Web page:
Everything you’ve read about the North Fork — the 30-mile stretch of Long Island running just parallel to the South Fork — is true. Because the region is rich with fertile soil, farms, wineries, and roadside stands purveying everything from grape pies to pastured eggs abound. And in stark contrast to the Hamptons, the South Fork’s overrun stomping grounds for the well-heeled, the North Fork maintains a decidedly chill vibe. And where else — especially within easy driving distance of NYC — can you still find beaches blissfully free of crowds, and score a solid restaurant meal without booking way in advance? Even better, most everything you’ll want to do takes place outdoors, so you can maximize your time in the briny, crisp air. So ahead, a mini-guide on how to make the most of a relaxing, and equally important, safe getaway to the North Fork.
Where to Stay
Even though it opened in 2018, The Lin Beach House manages to feel like an insider’s secret. Occupying a lovingly restored Victorian structure on Route 25, the guest house bridges the old and new with five spacious rooms and suites outfitted with soaring ceilings, bohemian furnishings, and vintage accents like clawfoot tubs. And to limit contact with staff — who are always available and friendly, should you need anything — The Lin Beach House offers contactless check-in. (Guests are emailed key codes for their accommodations and common areas the day of check-in.)
If location’s key for you, book a room at American Beech. Tucked away in the heart of Greenport’s Stirling Square, the boutique inn and restaurant owned by lawyer Brent Pelton and fashion designer Alex Vinash — whose flagship boutique doubles up as the hotel’s reception area — marries understated elegance (think Frette linens, Maison Margiela toiletries, and Restoration Hardware beds) with the warmth of staying in someone’s gracious home. (Complimentary breakfast baskets are delivered to guests’ doors every morning.)
Where to Eat
Make Sunny’s Riverhead Diner & Grill your first stop heading into North Fork — and your last one going home. The North Fork institution, which has been around for nearly 90 years, was given a new lease on life when local couple Jim and Sunny Liszanckie bought the business in 2017. Thankfully, the space preserves its humble appeal from before, and the food, too, still comforts with over-the-top sandwiches like the Hungry Man (eggs with three types of meat and American cheese on a roll) and Polish Reuben.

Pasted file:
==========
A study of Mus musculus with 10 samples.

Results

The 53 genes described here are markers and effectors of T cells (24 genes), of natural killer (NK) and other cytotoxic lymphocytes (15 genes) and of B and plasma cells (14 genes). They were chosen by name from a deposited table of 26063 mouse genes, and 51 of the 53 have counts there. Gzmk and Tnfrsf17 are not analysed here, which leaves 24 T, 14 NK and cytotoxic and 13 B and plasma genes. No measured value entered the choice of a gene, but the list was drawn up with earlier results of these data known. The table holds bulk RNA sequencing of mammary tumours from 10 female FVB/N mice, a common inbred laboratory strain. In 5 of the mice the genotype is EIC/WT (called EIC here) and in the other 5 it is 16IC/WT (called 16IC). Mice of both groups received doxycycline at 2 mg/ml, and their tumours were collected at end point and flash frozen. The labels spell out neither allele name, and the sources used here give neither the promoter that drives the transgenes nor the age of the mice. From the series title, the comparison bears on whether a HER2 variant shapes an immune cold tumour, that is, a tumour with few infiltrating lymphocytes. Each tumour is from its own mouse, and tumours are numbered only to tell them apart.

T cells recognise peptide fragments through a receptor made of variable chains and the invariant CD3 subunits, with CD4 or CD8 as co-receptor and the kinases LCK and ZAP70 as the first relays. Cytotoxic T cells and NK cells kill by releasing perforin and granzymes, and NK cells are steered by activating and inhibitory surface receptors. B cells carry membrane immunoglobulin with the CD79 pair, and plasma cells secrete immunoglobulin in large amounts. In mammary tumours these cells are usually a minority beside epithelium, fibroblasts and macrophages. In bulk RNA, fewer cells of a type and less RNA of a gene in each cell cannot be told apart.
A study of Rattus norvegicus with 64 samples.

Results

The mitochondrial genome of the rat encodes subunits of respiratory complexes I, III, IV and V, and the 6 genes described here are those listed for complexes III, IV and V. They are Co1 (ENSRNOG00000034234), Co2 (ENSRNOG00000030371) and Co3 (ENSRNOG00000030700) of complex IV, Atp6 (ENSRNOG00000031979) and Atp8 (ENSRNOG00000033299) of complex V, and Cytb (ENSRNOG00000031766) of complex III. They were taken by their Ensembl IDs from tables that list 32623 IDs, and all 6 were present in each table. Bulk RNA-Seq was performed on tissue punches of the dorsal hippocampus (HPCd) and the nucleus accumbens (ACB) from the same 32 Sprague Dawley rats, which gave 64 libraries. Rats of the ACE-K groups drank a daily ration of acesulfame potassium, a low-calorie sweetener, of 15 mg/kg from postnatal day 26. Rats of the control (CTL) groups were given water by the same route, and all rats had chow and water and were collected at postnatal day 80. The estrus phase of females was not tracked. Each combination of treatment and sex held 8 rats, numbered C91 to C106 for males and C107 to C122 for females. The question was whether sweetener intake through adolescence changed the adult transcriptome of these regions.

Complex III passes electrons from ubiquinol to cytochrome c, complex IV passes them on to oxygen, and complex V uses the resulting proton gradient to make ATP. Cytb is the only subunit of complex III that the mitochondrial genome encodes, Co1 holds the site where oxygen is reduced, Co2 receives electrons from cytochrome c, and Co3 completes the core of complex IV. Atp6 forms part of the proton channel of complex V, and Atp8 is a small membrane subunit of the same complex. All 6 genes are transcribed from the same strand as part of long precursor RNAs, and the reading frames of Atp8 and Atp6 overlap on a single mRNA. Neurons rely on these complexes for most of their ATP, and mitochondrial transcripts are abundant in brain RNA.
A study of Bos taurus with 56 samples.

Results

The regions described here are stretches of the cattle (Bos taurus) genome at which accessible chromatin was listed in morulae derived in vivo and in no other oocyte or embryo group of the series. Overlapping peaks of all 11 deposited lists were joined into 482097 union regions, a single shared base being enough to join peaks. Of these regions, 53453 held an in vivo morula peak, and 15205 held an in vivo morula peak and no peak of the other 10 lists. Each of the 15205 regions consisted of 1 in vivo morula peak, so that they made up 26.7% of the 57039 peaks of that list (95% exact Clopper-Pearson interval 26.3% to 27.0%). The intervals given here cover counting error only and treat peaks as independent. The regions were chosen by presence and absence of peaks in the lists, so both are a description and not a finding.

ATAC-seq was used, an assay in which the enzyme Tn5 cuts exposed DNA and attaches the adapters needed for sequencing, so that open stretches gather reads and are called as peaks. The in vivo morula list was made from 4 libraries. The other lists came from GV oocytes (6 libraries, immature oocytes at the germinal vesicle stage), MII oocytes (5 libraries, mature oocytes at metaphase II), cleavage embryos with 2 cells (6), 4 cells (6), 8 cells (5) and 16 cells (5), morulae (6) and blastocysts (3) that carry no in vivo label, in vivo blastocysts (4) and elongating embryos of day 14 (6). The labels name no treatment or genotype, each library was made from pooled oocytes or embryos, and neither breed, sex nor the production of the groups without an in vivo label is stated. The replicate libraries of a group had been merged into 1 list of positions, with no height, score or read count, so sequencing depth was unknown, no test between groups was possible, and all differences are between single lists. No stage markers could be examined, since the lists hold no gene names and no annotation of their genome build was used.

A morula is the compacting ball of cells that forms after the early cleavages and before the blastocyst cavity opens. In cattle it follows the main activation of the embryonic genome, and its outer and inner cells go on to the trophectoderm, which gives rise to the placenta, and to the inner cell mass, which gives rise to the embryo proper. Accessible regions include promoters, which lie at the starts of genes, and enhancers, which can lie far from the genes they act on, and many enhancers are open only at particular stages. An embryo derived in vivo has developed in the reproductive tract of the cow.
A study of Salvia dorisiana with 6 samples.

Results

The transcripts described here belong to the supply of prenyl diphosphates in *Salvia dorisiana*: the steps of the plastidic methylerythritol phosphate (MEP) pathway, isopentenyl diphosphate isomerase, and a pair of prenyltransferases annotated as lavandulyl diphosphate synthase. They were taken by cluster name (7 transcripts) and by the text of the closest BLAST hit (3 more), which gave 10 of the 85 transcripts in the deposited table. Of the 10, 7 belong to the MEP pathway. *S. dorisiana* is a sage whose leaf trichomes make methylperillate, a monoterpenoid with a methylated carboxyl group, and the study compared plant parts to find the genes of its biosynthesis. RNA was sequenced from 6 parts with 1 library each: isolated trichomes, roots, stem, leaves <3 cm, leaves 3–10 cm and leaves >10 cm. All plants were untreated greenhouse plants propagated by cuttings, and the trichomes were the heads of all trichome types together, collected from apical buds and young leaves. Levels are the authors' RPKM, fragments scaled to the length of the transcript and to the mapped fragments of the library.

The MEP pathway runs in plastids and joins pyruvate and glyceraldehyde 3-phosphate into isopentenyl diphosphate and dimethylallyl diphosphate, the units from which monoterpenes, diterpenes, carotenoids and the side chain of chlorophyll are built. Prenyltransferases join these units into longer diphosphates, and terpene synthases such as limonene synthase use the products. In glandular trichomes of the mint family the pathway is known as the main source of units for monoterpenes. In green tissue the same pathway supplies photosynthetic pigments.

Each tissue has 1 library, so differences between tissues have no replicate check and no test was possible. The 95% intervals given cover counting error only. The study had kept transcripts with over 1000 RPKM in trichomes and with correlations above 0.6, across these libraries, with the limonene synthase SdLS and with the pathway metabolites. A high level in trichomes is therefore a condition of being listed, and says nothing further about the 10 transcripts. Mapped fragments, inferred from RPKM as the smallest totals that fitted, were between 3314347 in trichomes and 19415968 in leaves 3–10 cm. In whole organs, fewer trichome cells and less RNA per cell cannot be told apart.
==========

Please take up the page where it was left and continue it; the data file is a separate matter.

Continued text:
Craving seafood? Then check out The Halyard, the signature restaurant of Sound View, a charming waterfront inn in Greenport. Here, chef Stephan Bogardus celebrates the ocean’s bounty with requisites such as lobster rolls, and original plates including seared foie gras wish hamachi sashimi and Shinnecock scallops with corn risotto. Request a table outdoors overlooking the Long Island Sound, and kick off your meal with an order of salty biscuits and butter.
Earlier this year, chef John Fraser (of Manhattan hotspot The Loyal) took over North Fork Table & Inn, a beloved local mainstay since 2006. Now, and after a thoughtful six-month renovation, the restaurant features a separate bar, two al fresco dining spaces, and a more polished, sleek aesthetic. As for the cuisine, it squarely spotlights pristine, hyper-seasonal local ingredients with an emphasis on vegetables. Every artful dish is as easy on the eyes as it is the palate, but if you’re seeking a more casual nibble, head to the on-site food truck.
When the craving for pizza hits, 1943 Pizza Bar has you covered. Situated in Stirling Square, adjacent to American Beech, the cozy spot is offering its crispy, wood-fired pies — the margherita and Clams Casino are musts — and best-selling meatballs to-go for the time being. But if you’re comfortable dining indoors, then head to Brix & Rye, its sister underground cocktail den where you can sip and snack the night away — at tables safely distanced, of course.
Where to Drink
With nearly 60 wineries and vineyards, there are plenty of ways to drink in the North Fork’s terroir. One standout is Macari Vineyards, whose history dates back to the 1930s when founder Joseph Macari Sr. crushed grapes with his father in the basement of his Queens home. Today, his granddaughter, certified sommelier Gabriella Macari, continues the family legacy by producing rich, elegant wines. And just in time for this year’s harvest, the Mattituck location’s tasting room is now open by reservation only.
Founded in 1978, Lenz Winery is one of the region’s oldest — and most popular, too. Renowned for making wine accessible and approachable, Lenz has a tasting room open to the public, and offers outdoor sips when the weather’s warm. Dogs are also welcome here, and you can take a late-summer picnic on one of the benches with a bottle of Lenz Merlot.
While wineries might be the region’s claim to fame, Matchbook Distilling Co. is proof positive that there’s more to drinking well here than Bordeaux-style reds. Not only is the space uniquely set up to distill any spirit regardless of scale, from grappa to whiskey, it also lets guests blend their very own bottle of gin with an interactive “Create Your Own Gin Experience” available Saturday afternoons.